Short sleepers at higher risk of myocardial infarction
Short sleep duration is associated with an increased risk of myocardial infarction (MI), according to prospective observational and Mendelian randomization (MR) analyses.
Sleeping for <6 h was associated with a 20-percent higher multivariable-adjusted risk of incident MI (hazard ratio [HR], 1.20, 95 percent CI, 1.07–1.33) compared with sleeping 6–9 h/night, while long sleep duration (>9 h) correlated with 34-percent higher risk (HR, 1.34, 1.13–1.58). These associations were independent of other sleep traits.
On the other hand, MI risk decreased with healthy sleep duration even among individuals with high genetic liability (HR, 0.82, 0.68–0.998). Moreover, MR consistently showed a causal effect of short sleep duration on MI in CARDIoGRAMplusC4D (HR, 1.19, 1.09–1.29) and in UK Biobank (HR, 1.21, 1.08–1.37).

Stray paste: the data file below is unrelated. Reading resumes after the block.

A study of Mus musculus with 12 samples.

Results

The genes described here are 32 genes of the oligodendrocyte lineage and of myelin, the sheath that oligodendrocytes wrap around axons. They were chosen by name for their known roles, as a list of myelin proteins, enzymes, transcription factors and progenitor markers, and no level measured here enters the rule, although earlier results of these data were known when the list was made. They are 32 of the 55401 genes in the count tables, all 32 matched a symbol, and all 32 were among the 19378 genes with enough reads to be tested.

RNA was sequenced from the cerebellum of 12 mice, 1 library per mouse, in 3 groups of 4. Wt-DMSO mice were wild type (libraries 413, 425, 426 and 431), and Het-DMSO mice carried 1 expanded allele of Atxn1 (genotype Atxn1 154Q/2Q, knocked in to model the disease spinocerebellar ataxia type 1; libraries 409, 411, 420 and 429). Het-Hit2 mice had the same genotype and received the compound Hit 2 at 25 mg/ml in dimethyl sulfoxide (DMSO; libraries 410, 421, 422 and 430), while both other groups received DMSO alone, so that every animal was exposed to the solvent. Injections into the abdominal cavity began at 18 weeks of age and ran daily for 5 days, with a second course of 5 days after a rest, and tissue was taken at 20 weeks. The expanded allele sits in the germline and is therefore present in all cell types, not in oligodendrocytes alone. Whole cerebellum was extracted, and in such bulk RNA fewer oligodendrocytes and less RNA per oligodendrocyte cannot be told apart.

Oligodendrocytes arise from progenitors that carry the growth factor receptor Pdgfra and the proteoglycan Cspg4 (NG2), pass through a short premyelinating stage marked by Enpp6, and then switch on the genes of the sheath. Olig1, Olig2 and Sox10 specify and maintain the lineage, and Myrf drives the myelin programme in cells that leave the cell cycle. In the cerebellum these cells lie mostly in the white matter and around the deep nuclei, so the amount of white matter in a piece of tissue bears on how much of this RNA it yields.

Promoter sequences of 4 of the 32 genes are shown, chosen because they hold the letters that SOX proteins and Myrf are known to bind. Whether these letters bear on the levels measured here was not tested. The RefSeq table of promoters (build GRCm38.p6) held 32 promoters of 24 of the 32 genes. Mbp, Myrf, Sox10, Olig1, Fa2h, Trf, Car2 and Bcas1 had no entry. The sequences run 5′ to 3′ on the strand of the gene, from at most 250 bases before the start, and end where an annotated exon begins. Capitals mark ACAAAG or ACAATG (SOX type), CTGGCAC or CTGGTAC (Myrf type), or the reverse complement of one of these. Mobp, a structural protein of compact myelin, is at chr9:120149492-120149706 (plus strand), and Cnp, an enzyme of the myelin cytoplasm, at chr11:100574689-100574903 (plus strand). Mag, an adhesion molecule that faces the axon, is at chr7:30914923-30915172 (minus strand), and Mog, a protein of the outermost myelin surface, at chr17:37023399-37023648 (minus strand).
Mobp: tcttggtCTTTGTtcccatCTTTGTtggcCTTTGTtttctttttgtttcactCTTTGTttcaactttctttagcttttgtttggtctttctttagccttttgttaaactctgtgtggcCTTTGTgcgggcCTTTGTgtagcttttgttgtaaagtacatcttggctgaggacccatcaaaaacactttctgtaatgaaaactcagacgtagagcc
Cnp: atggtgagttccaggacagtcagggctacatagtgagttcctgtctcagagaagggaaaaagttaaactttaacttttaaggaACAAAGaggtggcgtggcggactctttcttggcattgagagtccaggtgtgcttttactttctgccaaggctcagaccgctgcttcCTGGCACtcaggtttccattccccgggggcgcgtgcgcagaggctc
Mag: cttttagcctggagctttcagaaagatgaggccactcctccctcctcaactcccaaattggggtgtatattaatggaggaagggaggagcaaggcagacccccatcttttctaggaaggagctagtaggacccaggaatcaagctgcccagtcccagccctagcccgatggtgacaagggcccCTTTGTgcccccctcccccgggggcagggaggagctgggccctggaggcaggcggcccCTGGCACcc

In this study, the authors examined the associations between sleep duration and incident MI, accounting for joint effects with other sleep traits and genetic risk of coronary artery disease, and assessed causality using MR.
Multivariable-adjusted HRs for MI (5,129 incident cases) were estimated across habitual self-reported short and long sleep duration in 461,347 UK Biobank participants free of relevant cardiovascular disease. Joint effects with sleep disturbance traits and a coronary artery disease genetic risk score were also investigated.
Two-sample MR was performed for short (24 single nucleotide polymorphisms) and continuous (71 single nucleotide polymorphisms) sleep duration with MI (n=43,676 cases/128,199 controls). Results were replicated in the UK Biobank (n=12,111/325421).
“Investigation of sleep extension to prevent MI may be warranted,” the authors said.